Listed author(s):
  • Philipp Beltz
  • Susanne Link
  • Andreas Ostermaier

Incentives are widely used to increase people’s effort and thus performance. While academic achievement depends heavily on effort, there is little empirical evidence on how students respond to incentives other than grades and monetary rewards. We draw on two natural experiments that occurred at a major European university and use the difference-in-differences approach to show how program and course policies affect the effort and performance of students. Our findings indicate that students perform worse (i) if their effort is rewarded belatedly, (ii) if their effort has little impact on their final grade, or (iii) if they may resit exams more often and thus less effort is required from them.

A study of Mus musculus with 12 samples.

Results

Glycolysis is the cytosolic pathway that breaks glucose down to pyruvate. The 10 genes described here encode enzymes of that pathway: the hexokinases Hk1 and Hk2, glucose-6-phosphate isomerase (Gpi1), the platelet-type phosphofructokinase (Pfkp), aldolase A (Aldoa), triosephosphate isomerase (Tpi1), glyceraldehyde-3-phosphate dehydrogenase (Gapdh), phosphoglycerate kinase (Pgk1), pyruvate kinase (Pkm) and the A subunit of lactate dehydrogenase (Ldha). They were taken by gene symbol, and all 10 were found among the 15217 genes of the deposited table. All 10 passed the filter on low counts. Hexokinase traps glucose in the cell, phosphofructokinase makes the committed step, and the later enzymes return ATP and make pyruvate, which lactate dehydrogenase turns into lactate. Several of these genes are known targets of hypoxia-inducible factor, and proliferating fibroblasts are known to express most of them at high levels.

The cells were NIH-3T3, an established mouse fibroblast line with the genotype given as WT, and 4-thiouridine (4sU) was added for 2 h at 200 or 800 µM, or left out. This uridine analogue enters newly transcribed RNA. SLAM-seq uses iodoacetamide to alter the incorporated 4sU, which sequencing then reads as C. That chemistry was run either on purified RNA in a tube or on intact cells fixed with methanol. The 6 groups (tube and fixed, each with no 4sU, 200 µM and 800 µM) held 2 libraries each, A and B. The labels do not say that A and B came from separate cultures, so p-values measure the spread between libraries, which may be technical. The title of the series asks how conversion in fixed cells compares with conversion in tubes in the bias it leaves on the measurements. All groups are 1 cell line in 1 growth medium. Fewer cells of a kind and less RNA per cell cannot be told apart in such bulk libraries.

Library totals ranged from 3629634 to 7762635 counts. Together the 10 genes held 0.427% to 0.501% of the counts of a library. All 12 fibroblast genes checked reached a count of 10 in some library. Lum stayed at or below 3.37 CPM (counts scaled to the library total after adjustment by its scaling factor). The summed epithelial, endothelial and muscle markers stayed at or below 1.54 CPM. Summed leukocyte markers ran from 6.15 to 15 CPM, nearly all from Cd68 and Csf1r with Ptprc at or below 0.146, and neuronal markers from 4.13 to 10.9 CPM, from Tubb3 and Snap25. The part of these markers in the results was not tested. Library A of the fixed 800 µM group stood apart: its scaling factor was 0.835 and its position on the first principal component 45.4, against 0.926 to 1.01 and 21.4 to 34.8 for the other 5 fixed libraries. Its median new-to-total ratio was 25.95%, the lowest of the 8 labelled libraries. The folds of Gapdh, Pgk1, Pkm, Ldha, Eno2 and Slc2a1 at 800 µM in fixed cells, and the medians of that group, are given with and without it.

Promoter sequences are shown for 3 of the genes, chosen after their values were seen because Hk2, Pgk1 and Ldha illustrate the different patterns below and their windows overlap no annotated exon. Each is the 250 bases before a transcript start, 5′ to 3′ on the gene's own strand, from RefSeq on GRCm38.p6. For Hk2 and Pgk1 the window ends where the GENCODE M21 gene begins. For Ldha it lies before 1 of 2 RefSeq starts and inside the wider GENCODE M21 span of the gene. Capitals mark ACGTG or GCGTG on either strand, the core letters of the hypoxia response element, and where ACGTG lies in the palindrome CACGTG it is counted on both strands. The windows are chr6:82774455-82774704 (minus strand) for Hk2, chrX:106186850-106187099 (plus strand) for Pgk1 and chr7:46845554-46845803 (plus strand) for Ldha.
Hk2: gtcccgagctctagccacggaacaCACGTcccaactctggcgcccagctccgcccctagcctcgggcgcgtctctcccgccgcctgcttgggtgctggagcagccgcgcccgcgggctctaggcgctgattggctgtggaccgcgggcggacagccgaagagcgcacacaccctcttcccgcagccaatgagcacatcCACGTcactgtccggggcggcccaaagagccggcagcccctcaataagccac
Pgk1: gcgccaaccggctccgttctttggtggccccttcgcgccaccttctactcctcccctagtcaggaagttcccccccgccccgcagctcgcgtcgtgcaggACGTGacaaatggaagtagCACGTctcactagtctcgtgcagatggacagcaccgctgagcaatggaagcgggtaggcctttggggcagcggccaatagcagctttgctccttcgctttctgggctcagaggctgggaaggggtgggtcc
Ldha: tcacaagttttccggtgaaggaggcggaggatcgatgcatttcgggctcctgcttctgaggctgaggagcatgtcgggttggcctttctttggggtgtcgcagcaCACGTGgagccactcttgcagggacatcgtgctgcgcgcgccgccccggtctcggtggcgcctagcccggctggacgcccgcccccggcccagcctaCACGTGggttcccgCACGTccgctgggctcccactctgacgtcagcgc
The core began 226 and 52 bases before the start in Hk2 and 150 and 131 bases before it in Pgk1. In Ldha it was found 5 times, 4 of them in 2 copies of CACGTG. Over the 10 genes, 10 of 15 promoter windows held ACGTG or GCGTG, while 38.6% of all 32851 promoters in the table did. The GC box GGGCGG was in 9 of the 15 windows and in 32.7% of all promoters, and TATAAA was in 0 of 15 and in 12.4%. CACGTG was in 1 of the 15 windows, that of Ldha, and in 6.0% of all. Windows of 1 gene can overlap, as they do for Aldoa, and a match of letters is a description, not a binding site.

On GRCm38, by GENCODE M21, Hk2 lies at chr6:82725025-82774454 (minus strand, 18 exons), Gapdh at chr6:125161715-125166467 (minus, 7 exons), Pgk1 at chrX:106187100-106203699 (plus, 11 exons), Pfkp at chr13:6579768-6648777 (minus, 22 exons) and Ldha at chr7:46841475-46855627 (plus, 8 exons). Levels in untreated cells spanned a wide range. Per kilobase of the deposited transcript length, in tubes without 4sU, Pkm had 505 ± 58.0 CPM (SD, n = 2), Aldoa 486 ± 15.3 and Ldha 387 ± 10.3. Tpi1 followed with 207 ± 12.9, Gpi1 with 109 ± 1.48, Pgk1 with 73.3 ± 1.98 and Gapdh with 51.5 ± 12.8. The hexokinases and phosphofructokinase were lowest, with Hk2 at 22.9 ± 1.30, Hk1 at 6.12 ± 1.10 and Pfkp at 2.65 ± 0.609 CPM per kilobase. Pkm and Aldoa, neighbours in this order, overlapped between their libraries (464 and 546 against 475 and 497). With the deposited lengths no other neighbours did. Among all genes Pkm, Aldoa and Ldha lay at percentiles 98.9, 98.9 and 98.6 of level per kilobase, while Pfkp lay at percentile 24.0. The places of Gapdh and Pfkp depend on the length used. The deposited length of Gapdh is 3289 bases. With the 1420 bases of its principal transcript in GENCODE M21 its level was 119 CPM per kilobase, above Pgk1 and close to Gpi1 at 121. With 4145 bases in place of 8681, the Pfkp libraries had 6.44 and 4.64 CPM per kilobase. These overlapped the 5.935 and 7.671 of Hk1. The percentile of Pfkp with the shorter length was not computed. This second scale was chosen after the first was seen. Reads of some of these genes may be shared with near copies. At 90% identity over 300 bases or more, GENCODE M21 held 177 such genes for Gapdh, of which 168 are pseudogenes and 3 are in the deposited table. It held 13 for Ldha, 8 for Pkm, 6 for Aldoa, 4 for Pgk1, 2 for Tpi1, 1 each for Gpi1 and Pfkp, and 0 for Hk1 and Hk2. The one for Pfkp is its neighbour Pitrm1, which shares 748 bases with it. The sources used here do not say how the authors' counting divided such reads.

Handle: RePEc:ces:ifowps:_133
  6. Christopher Cornwell & David B. Mustard & Deepa J. Sridhar, 2006. "The Enrollment Effects of Merit-Based Financial Aid: Evidence from Georgia's HOPE Program," Journal of Labor Economics, University of Chicago Press, vol. 24(4), pages 761-786, October.
  7. Joshua D. Angrist & Victor Lavy, 1999. "Using Maimonides' Rule to Estimate the Effect of Class Size on Scholastic Achievement," The Quarterly Journal of Economics, Oxford University Press, vol. 114(2), pages 533-575.
  8. Michael Spence, 1973. "Job Market Signaling," The Quarterly Journal of Economics, Oxford University Press, vol. 87(3), pages 355-374.
  9. Nicole Schneeweis, 2011. "Educational institutions and the integration of migrants," Journal of Population Economics, Springer;European Society for Population Economics, vol. 24(4), pages 1281-1308, October.